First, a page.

CHINA Life for Gansu herders improves with environmental efforts


Life for Gansu herders improves with environmental efforts

China Daily

09:32, June 21, 2022

Mongolian nomads herd sheep across pasturelands in Subei county, Gansu province. (Photo: China Daily)

As he herds his sheep to pasture at 6 am each day, 47-year-old Tuanjie never fails to notice how the environment in his hometown-Yanchiwan township in Gansu's Subei Mongolian autonomous county-is improving, and along with it, his life.

An ethnic Mongolian, Tuanjie and his wife raise about 300 sheep. Expenses and money for forage aside, the family earns about 150,000 yuan ($22,300) a year, a sum Tuanjie could not have imagined 20 years ago. "In the past, uncontrolled mining and grazing resulted in a poor environment and desertification in many areas, affecting the number and quality of cattle and sheep we could keep," he said.

Since the government has begun to attach greater importance to environmental protection and teach the herdsmen to take better care of the grassland, the environment has improved greatly over the past decade.

"Cleaner water and better grass mean our cattle and sheep grow more healthily and increase our incomes," he said.

"My wife and I live in a village where every household has water, electricity, internet and concrete roads, and every resident is covered for healthcare and social security. Compared to the past, conditions are better and incomes are higher. My son will graduate from college this year, and what I care about most now is what job he'll find."

Subei county, which is home to nine main ethnic groups, borders the Xinjiang Uygur autonomous region to the west, Qinghai province to the south and Mongolia to the north, and it is the largest county in Gansu province. After years of effort on re-greening, the county is becoming increasingly environmentally friendly.

Its natural grasslands cover about 3.12 million hectares, and it's home to a range of environments, including alpine grassland and wetland, as well as glacier and river ecosystems. As of last year, the county's vegetation coverage had risen to 45 percent, up from a previous low of 25 percent. Plant coverage in drought-hit areas has greatly improved, and the area affected by pests has been decreased by 200,000 hectares.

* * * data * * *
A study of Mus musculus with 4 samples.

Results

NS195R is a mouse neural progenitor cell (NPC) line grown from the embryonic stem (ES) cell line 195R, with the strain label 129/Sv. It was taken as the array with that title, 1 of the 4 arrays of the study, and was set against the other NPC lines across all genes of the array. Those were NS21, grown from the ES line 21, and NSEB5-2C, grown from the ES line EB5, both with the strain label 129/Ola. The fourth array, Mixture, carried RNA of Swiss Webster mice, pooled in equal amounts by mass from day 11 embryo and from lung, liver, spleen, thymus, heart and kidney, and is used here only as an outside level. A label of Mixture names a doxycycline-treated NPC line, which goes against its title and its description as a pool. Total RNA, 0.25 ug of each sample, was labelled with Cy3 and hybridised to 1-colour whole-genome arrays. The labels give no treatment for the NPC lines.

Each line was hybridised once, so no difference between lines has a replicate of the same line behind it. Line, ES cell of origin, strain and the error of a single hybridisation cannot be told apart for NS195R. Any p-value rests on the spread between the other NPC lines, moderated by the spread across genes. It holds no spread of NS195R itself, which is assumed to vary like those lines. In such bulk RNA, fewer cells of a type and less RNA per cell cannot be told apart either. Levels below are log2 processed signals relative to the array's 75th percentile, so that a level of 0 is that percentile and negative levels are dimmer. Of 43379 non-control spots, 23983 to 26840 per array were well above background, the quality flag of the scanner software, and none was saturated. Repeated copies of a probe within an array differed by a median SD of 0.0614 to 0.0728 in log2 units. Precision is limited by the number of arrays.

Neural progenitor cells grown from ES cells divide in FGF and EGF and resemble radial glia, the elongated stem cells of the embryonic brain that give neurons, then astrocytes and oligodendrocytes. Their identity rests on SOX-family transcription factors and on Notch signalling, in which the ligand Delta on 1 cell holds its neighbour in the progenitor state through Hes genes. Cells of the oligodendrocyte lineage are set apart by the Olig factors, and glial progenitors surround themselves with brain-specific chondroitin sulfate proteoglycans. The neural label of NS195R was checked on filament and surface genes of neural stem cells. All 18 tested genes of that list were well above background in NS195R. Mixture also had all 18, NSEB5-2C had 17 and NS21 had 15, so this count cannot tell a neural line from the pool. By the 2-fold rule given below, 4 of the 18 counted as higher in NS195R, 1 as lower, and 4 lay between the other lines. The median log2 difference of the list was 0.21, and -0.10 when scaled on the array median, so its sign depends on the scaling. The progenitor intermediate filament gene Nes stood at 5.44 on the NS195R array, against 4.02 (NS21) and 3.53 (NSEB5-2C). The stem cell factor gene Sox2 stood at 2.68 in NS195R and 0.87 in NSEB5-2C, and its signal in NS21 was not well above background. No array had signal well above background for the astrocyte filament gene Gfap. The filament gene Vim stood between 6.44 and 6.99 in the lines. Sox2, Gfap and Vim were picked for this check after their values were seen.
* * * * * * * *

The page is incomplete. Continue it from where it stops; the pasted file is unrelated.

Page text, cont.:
"We are exploring more avenues of ecological development for different grasslands, such as meadows and desert grasslands, which are essential to improving environmental development," said Wang Zhiming, head of Subei county's grassland station.

Wang said that the creation of a grassland ecology is a long and systematic process. Subei has worked extensively on its natural landscapes, undertaken comprehensive re-greening and continued to re-wild former farmland and grazing land, creating new forests and grassland to consolidate its ecological foundations.

"The improvements in the environment are tangible. Many rare wild animals, such as the snow leopard and the Tibetan fox, have reappeared in the grasslands and mountains," Wang said.

Since 2011, Subei has banned grazing in certain areas and has created a balance between grasslands and livestock via subsidies and incentives amounting to about 960 million yuan, benefiting more than 2,300 families.

Cao Chenhao, deputy head of Subei, said that the county has been strict about giving the environment priority and pursuing green development in recent years, and has stepped up environmental governance.

"We have put a definitive end to damage as the result of new development. Through a number of measures, significant strides have been made in pollution prevention and control, and the environment has been greatly improved," he said.

According to the county government, since 2016, Subei has invested 149 million yuan in the restoration and treatment of its 85 mining areas and the unowned mines in nature reserves, which cover an area of some 625 hectares.

Cao added that over the past three years, air quality has steadily improved, standard groundwater quality now rates 100 percent, 95 percent of industrial and mining wastewater is recycled, and illegal activities such as unauthorized mining and construction have been curtailed to protect natural resources. "We are also actively promoting the integration of ecotourism and Mongolian folk culture to create the sense of a beautiful environment," he said.

According to the county government, Subei has made use of its rare natural resources and traditional folk customs to build tourism brands and help residents get involved in the sector. Income from tourism has brought in 1.9 billion yuan over the past five years.